Slowly but surely, Lakeview Residence Hall is changing the blueprint of the University of Richmond. And slowly but surely, one committee hopes that it will also change the way students learn on campus.
The new dorm will be considered a Living and Learning community, drawing from similar programs, such as the Civic Engagement House, Outdoor House and Global House. Lakeview will host a variety of themes to be finalized before room selection next semester. Among the proposed projects are a debate heme, a chemistry theme, an accounting theme and a Western Europe theme.
"This is an experience that we hope will link the living experience to the classroom," said Steve Bisese, vice president for student development. "It's complimentary to whatever else you do."
Students participating in themed housing will live in Lakeview, which is being built in pods. Each pod has several suite-style bedrooms, connected by a common living area and will have a designated theme.
The program, called Connections: Living and Learning Communities at UR, will also help the university qualify for accreditation in the spring. Every 10 years the Southern Association of Colleges and Schools visits accredited universities to be sure that the university is delivering what they promise their students. In addition to examining the quality of courses, SACS asks that all schools applying for reaccreditation present a Quality Enhancement Program.
"It's about looking at your school, knowing everything is good but still asking,OEWhat can we do to get better?'" said Rick Mayes, an associate professor of political science, who is also a member of the committee that will implement the program.
SACS requires that each QEP have an academic component, so each theme will also have a professor who will teach a class to students in the program during the fall semester, as well as organize activities throughout the year relative to the theme.
According to Mayes, the professors will have opportunities to offer new courses to students participating in the theme or offer classes that already exists. "This is a big deal for professors," Mayes said. "If there are 10 professors who do this, it becomes an incentive for other professors to participate too. They can look at the program and say OElook at how much students are getting from this I want to do that too.'"
Mayes taught a Global Health and Human Rights class last semester after several students approached him about a book they had read. The class was held on Friday evenings from 6 to 9 p.m., and through the Richmond Quest program the entire class traveled to Peru during spring break to see the clinics they had been learning about all semester.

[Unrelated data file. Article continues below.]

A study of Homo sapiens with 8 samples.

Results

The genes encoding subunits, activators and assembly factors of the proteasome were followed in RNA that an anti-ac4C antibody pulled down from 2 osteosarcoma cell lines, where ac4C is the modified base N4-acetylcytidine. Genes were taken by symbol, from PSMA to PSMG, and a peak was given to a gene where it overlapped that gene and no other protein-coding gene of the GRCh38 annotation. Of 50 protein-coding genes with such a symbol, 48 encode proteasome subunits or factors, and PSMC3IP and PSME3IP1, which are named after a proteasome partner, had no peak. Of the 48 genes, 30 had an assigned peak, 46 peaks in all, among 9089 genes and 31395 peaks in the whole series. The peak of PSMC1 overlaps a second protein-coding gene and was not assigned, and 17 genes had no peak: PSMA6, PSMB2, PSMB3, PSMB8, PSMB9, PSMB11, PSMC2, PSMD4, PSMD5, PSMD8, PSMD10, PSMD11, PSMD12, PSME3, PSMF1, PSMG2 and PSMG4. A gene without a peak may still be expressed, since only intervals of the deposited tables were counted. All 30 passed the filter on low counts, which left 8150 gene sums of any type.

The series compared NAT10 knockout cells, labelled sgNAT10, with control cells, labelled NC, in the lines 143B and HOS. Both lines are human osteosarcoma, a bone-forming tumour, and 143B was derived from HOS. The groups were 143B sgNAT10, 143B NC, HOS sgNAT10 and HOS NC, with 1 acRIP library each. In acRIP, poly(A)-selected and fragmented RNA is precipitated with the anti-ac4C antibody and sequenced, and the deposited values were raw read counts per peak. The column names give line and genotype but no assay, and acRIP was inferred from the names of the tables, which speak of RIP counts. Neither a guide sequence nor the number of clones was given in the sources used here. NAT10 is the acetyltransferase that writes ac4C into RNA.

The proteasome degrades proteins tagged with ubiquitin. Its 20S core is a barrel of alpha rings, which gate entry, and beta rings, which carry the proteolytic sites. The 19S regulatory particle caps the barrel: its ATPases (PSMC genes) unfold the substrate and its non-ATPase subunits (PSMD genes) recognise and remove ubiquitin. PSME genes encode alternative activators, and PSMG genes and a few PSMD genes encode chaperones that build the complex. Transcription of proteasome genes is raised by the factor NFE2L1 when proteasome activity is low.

"It is still my favorite academic experience, and [I] still write and speak to all of those students," Mayes said. "People make groups because being with people is what makes you happy. If we know that this is what works, why not create it?"
Lindsay Victoria, a senior who lived in Global House during her sophomore year and is a member of the university's QEP advisory committee said the themed housing experience was an excellent addition to her life at Richmond. "It's a good way to get to know different types of people," Victoria said.
There is no course specifically attached to the international theme of Global House, but Victoria said that even with the events required by the group's adviser, the requirements did not get in the way of her academic or social life.
Bisese said that even with the added coursework of the Connections program in Lakeview, it will not keep students from other commitments.
"For some students this will be like an extracurricular activity because it is their passion," he said.
The QEP advisory committee will spend the rest of the semester reviewing proposals and finalizing the project, which is due to SACS at the end of December. Members of the association will then visit campus in February and expect updates during the first years of the project's implementation.
"We will be developing a way to measure what students are taking from the experience," Bisese said. "Are they more engaged, more satisfied with their experience?"
The QEP advisory committee is hoping to phase in 10 programs during the next two years. Mayes said he hopes once students see the program in action they will be more inclined to join and even develop their own programs with themes relative to their own passions.